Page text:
Healthy Eating

Eat to Beat the Heat

Escape the summer swelter with deliciously cooling foods.
Eat to Beat the Heat

In the view of Traditional Chinese Medicine, seasonal favorites like salads and barbecued meats actually warm your body, while chilled, sugary drinks are so taxing to your system, they make it tough to stay comfortable.

By taking a different approach, you can eat in a way that dissipates excess heat. If you provide your body with what it really needs at this time of year, you'll enjoy better health and keep cool in the process.

Find Your Balance
"THE WESTERN VIEW OF NUTRITION is based on chemistry," says Efrem Korngold, O.M.D., L.Ac. "If we get enough fiber, keep our fat below 30 percent, and maintain a good carb-protein balance, we believe we're doing the healthy thing."

This approach ignores certain aspects of the food we eat. "In addition to its nutritional value, other properties make food more or less suitable for an individual based on their local and systemic influences on the body--specifically, how they affect the blood, fluids, qi [vital energy], and specific organ functions," explains Korngold, who practices at his clinic, Chinese Medicine Works, in San Francisco.

Central to TCM is the concept of balance. Everything in the natural world manifests through the interplay of yin (cool, damp influences) and yang (hot, dry influences), two complementary opposites that together create a whole. A different kind of nourishment suits summer, a yang season, than the yin months. But going to culinary extremes, such as frosty drinks and red-hot barbecues, causes more problems than it solves.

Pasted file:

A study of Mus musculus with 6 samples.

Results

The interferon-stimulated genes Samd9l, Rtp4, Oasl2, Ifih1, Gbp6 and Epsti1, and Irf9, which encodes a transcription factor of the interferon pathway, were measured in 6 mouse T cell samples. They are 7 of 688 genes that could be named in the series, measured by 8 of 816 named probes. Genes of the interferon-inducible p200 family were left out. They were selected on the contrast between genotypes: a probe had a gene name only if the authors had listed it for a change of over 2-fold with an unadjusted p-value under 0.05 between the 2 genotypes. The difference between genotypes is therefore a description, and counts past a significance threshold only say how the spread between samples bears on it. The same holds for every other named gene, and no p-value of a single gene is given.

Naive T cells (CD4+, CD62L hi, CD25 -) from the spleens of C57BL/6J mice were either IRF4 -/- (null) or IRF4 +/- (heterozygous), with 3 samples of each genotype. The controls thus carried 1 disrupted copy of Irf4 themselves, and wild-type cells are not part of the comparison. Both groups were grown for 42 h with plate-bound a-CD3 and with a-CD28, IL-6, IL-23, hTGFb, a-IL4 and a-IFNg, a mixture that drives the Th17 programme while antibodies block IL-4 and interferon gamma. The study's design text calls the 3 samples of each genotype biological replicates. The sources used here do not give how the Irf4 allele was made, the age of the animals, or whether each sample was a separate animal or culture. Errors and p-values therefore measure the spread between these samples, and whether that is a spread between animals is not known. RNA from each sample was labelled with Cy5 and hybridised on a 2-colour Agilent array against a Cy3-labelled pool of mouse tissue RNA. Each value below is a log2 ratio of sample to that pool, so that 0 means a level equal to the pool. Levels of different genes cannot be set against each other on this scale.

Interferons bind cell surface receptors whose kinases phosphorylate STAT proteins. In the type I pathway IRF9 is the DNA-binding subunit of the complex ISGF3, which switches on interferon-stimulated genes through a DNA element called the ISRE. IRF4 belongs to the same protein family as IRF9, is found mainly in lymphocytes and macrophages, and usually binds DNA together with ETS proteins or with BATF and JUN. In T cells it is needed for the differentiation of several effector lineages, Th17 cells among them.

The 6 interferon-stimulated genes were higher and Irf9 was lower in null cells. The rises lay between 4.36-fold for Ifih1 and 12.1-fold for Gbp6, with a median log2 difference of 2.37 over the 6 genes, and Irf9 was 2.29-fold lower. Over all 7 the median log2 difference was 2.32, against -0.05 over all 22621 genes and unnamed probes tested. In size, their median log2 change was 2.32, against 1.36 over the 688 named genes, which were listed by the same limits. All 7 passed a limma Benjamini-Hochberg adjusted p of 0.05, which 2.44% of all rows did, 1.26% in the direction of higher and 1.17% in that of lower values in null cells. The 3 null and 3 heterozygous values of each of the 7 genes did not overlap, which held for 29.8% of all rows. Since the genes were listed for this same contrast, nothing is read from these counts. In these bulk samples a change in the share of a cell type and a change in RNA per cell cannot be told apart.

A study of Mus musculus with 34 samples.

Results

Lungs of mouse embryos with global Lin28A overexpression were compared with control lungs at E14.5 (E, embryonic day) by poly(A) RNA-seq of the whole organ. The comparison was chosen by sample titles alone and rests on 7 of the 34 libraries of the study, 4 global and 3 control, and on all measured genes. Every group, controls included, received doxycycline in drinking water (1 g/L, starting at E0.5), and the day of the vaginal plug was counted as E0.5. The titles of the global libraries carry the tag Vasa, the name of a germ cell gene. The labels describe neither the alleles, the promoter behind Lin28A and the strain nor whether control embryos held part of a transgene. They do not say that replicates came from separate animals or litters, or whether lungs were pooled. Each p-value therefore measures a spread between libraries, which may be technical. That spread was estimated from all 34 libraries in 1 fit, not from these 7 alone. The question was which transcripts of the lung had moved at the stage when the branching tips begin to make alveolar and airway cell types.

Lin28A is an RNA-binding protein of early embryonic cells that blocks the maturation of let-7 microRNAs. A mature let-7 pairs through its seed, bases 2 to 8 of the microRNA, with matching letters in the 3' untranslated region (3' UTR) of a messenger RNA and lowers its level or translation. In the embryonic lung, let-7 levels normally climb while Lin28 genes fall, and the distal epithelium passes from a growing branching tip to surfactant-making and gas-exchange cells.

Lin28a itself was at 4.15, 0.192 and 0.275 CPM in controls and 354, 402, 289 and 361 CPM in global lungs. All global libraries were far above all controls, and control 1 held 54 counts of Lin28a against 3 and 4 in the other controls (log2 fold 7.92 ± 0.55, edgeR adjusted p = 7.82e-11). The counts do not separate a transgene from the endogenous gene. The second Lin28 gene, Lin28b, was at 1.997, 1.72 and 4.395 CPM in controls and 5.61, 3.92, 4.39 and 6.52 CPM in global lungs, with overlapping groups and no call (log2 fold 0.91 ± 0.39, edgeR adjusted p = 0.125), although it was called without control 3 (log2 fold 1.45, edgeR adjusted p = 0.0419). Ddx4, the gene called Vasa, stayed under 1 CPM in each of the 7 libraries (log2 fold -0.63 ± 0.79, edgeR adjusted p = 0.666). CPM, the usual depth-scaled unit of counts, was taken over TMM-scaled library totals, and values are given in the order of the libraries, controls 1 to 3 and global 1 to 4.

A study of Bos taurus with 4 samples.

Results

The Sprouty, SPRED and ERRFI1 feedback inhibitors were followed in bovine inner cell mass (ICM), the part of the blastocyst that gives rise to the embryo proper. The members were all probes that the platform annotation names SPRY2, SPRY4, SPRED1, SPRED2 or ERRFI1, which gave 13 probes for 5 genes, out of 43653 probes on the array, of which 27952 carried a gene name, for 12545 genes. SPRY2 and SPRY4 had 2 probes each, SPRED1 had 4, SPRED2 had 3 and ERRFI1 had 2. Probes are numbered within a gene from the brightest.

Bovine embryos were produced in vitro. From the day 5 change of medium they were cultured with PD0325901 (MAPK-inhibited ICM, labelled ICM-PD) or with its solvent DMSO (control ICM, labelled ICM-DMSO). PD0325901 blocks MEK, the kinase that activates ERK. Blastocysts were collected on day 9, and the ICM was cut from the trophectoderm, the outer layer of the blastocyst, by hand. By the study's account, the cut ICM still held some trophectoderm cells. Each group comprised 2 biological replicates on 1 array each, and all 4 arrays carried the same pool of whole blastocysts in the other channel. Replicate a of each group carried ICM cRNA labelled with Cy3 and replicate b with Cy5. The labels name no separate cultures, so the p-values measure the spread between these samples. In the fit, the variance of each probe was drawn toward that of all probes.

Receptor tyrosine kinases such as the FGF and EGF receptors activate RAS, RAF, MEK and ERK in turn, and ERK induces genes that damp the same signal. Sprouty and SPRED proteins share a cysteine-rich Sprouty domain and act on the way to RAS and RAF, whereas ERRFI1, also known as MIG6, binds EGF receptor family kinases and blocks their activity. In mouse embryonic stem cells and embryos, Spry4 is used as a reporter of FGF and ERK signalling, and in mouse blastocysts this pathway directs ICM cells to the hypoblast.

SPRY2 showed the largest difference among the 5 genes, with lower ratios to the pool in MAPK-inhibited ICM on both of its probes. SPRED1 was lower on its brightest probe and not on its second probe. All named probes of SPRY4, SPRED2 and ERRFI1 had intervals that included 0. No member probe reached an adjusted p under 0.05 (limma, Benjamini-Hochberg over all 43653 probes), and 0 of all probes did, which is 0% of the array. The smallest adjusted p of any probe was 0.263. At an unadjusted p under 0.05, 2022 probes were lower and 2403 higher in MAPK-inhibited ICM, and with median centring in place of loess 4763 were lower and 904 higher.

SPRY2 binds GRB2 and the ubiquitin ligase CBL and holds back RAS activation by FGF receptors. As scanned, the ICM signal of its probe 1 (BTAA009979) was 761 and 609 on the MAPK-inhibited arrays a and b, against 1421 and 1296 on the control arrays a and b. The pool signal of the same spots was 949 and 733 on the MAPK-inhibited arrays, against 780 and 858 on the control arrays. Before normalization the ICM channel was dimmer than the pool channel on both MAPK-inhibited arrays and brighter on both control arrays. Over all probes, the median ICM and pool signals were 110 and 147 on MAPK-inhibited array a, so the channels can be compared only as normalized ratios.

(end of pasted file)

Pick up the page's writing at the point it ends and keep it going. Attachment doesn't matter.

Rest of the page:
Ultimately, you want to eat in a way that helps your body help itself. Benefiting from TCM's seasoned perspective, you can create a summer nutrition plan that replenishes moisture, prevents dehydration, and encourages perspiration and its evaporation, your body's natural cooling system.

1. Favor cooling foods "In the summer, we need cleansing, alkaline foods that draw energy inward, bringing any excess fluids, acids, and impurities to the organs of elimination," says Letha Hadady, L.Ac., author of Asian Health Secrets: The Complete Guide to Asian Herbal Medicine. This time of year, eat on the cooling end of the TCM continuum (see "Quick Guide to Cool Foods" on the last page), especially if you have excess internal heat. "Each food has an effect on the body," says certified herbalist Claudette Baker, L.Ac., director of the Glenview Healing Arts Center in Illinois and president of the Illinois State Acupuncture Association. "Come summer, go with cooling choices like cucumber, mint, watermelon, mung beans, tofu, and green tea. Avoid sweet, oily, and greasy foods, which can cause internal dampness."

2. Steam your veggies. Those salads and crudites you reach for in summer may feel refreshing in the mouth, but they're not cooling for the body. "When you eat raw food, you need to expend digestive energy to warm and ripen it, to compensate for the fact it's not cooked," says Baker. In other words, your body has to heat up to process uncooked foods--and turning yourself into an ersatz oven is not a happy prospect when you're already sweating. Baker suggests lightly steaming vegetables to partly break them down.